Opposition groups in Belarus hold their meetings in bugged offices amongst colleagues and friends who risk harassment, fines and unemployment simply for showing up. Often, the walls of the offices and apartments where these meetings take place are adorned with posters displaying the Polish Solidarity slogan, etched in its iconic blood-red script. The democratic revolution that toppled authoritarian Communist regimes across Eastern and Central Europe two decades ago began in Poland. Today, Belarusian democrats hoping to unseat their country’s long-entrenched dictator, Alexander Lukashenko, look to Poland and the example it set for inspiration.
Lately, they have also received concrete help. Polish aid to Belarus has almost tripled since 2006, to about $14 million a year. None of this money goes to the Belarusian government. It is spent supporting the democratic opposition through projects that pay the legal fees of detained activists, allow Belarusian students who have been kicked out of university to study in Poland, and fund Belarusian radio and television stations that are based in Poland and broadcast into Belarus. Poland has also waived visa fees for most Belarusians, while banning many regime officials from entering Poland. (Canada recently pledged $400,000 for democratic initiatives in Belarus, including $100,000 for Belsat, a Belarusian television station headquartered in Warsaw—though as of late March the station had not received the money. Canada’s Department of Foreign Affairs refused to say when the promised funds would be dispersed.)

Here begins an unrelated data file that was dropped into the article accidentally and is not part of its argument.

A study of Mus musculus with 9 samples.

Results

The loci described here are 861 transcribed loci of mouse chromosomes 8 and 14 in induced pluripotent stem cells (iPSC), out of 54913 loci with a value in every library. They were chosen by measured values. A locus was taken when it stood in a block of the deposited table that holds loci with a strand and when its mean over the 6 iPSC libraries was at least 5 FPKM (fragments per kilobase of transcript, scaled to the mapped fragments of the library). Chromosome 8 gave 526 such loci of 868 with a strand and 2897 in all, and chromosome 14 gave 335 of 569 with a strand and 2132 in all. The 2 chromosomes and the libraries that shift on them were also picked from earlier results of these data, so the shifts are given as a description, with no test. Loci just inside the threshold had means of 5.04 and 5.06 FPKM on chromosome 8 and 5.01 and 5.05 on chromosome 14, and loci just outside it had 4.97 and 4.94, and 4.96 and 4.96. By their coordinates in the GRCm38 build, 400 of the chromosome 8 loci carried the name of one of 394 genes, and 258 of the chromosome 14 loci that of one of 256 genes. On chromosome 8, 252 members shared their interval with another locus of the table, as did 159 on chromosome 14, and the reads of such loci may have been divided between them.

In December, President Lukashenko, who has been in power since 1994, was allegedly re-elected with 80 per cent of the vote. Observers said the election was flawed, and thousands of Belarusians took to the streets to protest the results. At least 600 were detained in the ensuing crackdown, and many were beaten. According to Zenon Kosiniak-Kamysz, Poland’s ambassador to Canada, this latest round of repression eroded any hope Poland had that Lukashenko might democratize on his own. The Polish and German foreign ministers had met with Belarusian authorities before the vote. “We expected really fair and democratic elections, which wasn’t done,” Kosiniak-Kamysz says. “So the only way is to prepare the democratic opposition, to give assistance to the democratic opposition in Belarus.”
This process can be delicate. “Democracy cannot be built by outsiders, but democratic aspirations of the society could and should be strengthened by those for whom democratic values and rules are of primordial importance,” says Miroslaw Sycz, deputy director of the development co-operation department in Poland’s Ministry of Foreign Affairs. Poland—and other countries hoping to unseat Lukashenko—don’t pick and bankroll individual candidates or parties. Their actions are tailored more toward trying to strengthen Belarusian civil society and protect democratic activists. “If someone goes to jail, we don’t really care if he was representing Communists or social democrats or nationalists,” says Tomasz Pisula, chairman of the Freedom and Democracy Foundation, which is funded by the Polish government. The foundation’s activities include providing financial support to the families of Belarusian political prisoners, as well as conducting workshops on political organization and civil disobedience.
“What is important is to break this isolation,” says Kosiniak-Kamysz. “Many people living in Belarus are not aware of the realities existing in neighbouring countries. They don’t know that it is possible to live under totally different and better circumstances. So the main issue now is to give this information to the people. There is another world very close to Belarus, and you should have the opportunity to see that, to be familiar with the realities in other countries and to try to implement this in your country.”